The Dumbest Generation: How the Digital Age Stupefies Young Americans and Jeopardizes Our Future (or, Don't Trust Anyone Under 30)

11 Reviews
This shocking, lively exposure of the intellectual vacuity of today’s under thirty set reveals the disturbing and, ultimately, incontrovertible truth: cyberculture is turning us into a nation of know-nothings.

Can a nation continue to enjoy political and economic predominance if its citizens refuse to grow up?

For decades, concern has been brewing about the dumbed-down popular culture available to young people and the impact it has on their futures. At the dawn of the digital age, many believed they saw a hopeful answer: The Internet, e-mail, blogs, and interactive and hyper-realistic video games promised to yield a generation of sharper, more aware, and intellectually sophisticated children. The terms “information superhighway” and “knowledge economy” entered the lexicon, and we assumed that teens would use their knowledge and understanding of technology to set themselves apart as the vanguards of this new digital era.

That was the promise. But the enlightenment didn’t happen. The technology that was supposed to make young adults more astute, diversify their tastes, and improve their verbal skills has had the opposite effect. According to recent reports, most young people in the United States do not read literature, visit museums, or vote. They cannot explain basic scientific methods, recount basic American history, name their local political representatives, or locate Iraq or Israel on a map. The Dumbest Generationis a startling examination of the intellectual life of young adults and a timely warning of its consequences for American culture and democracy.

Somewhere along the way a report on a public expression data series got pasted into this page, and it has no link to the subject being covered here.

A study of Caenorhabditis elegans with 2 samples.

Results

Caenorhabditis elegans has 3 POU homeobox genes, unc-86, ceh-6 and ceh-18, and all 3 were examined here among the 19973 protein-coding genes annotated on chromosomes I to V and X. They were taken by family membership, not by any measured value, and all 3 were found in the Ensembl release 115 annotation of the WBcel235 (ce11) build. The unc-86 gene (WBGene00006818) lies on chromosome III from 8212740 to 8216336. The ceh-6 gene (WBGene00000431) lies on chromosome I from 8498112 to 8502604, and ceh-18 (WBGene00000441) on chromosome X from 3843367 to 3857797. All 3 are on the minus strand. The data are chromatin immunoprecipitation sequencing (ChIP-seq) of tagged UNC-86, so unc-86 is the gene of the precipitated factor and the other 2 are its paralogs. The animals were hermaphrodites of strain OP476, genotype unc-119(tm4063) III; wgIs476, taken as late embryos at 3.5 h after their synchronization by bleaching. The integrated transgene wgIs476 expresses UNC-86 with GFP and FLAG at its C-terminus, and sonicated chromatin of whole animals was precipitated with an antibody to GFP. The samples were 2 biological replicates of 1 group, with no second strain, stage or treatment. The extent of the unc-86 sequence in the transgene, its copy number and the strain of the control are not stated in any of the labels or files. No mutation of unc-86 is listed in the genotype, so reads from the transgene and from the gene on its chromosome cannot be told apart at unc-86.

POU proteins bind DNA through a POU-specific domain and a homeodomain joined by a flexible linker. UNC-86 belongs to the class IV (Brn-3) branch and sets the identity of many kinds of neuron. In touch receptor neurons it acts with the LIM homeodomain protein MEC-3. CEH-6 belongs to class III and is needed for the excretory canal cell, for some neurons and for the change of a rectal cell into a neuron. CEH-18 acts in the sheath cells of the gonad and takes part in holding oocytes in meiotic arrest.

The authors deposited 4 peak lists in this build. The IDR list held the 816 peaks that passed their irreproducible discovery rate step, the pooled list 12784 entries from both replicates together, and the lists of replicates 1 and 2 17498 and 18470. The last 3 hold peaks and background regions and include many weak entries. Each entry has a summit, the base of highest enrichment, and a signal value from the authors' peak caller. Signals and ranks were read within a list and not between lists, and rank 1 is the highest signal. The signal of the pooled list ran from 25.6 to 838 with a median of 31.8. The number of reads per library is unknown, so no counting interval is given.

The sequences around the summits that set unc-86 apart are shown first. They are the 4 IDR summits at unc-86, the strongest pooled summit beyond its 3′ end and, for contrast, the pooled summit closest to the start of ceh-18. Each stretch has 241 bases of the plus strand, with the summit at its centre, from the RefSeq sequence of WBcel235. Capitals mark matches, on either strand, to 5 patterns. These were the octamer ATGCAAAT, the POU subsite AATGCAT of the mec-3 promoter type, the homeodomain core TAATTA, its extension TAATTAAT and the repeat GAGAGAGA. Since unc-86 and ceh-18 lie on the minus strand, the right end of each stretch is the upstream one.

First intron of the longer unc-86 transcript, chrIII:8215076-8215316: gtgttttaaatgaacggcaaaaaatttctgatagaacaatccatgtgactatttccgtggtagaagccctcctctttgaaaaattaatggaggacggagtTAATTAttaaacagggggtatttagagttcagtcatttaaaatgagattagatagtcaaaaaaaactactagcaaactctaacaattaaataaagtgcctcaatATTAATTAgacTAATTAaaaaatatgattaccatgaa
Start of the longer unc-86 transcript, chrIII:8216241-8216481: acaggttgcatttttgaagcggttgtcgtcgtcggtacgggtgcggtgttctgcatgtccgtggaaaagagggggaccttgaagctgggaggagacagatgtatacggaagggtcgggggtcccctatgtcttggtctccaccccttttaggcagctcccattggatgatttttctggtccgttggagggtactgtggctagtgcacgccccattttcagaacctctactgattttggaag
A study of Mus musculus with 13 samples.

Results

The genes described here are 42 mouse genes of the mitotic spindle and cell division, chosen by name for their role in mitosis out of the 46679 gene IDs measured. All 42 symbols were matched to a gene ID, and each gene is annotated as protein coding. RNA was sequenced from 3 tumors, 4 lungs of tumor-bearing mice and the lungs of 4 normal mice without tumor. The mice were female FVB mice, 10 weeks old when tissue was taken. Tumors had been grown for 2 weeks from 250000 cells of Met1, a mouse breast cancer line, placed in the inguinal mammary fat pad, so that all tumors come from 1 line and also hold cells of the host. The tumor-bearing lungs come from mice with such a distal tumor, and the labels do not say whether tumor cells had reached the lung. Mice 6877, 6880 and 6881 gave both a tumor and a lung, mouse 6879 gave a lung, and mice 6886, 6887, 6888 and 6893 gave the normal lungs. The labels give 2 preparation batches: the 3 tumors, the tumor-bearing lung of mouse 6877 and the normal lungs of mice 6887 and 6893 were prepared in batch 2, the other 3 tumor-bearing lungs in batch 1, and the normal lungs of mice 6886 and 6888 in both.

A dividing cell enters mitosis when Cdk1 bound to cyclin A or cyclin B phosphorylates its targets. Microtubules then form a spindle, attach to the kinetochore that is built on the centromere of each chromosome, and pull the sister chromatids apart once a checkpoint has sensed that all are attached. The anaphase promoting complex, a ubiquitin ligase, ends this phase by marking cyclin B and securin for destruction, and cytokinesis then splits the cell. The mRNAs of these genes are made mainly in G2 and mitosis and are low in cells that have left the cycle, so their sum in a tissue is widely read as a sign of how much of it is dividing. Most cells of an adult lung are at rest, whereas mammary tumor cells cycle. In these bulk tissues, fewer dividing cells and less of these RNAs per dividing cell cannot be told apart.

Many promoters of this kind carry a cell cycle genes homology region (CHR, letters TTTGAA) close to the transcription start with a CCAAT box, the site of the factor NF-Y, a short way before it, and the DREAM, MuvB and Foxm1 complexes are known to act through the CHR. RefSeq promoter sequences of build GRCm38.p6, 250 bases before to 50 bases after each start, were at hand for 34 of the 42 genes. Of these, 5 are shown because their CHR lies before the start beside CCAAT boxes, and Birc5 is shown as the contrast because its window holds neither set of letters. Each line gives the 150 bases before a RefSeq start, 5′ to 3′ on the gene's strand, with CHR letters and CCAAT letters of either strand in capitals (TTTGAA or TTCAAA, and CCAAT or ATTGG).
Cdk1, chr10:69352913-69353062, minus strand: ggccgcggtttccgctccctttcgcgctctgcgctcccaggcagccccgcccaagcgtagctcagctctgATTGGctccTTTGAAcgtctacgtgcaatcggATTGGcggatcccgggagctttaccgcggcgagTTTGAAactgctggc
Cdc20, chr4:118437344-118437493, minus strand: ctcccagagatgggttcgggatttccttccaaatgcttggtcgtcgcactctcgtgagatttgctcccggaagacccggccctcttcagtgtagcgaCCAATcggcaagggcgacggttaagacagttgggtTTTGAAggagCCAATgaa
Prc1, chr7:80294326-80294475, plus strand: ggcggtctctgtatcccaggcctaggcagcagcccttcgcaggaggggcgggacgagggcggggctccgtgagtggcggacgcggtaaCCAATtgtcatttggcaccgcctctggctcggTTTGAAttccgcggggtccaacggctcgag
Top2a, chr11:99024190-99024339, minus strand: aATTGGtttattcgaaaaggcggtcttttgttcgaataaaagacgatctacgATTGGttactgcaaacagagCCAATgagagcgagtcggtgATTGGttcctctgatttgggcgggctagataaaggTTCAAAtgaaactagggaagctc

Drawing upon exhaustive research, personal anecdotes, and historical and social analysis, Mark Bauerline presents an uncompromisingly realistic portrait of the young American mind at this critical juncture, and lays out a compelling vision of how we might address its deficiencies.
 


Has some excellent background, grounded in research, in the front half of the book. Particularly interesting is the change in reading habits of teens through college students and the implications on education. Read full review

LibraryThing Review

User Review  - jasmataz - LibraryThing

I would say that this book comes across as cynical due to the point that Bauerlein is trying to convey, which is that society is on the verge of a shift toward a disheartening future. A future in ... Read full review

Contents

Introduction
1
ONE KNOWLEDGE DEFICITS
11
TWO THE NEW BIBLiaPHOBES
39
THREE SCREEN TIME
71
FOUR ONLINE LEARNING AND NONLEARNING
163
Bibliography
237

Mark Bauerlein is a professor of English at Emory University and has worked as a director of Research and Analysis at the National Endowment for the Arts, where he oversaw studies about culture and American life. He lives with his family in Atlanta.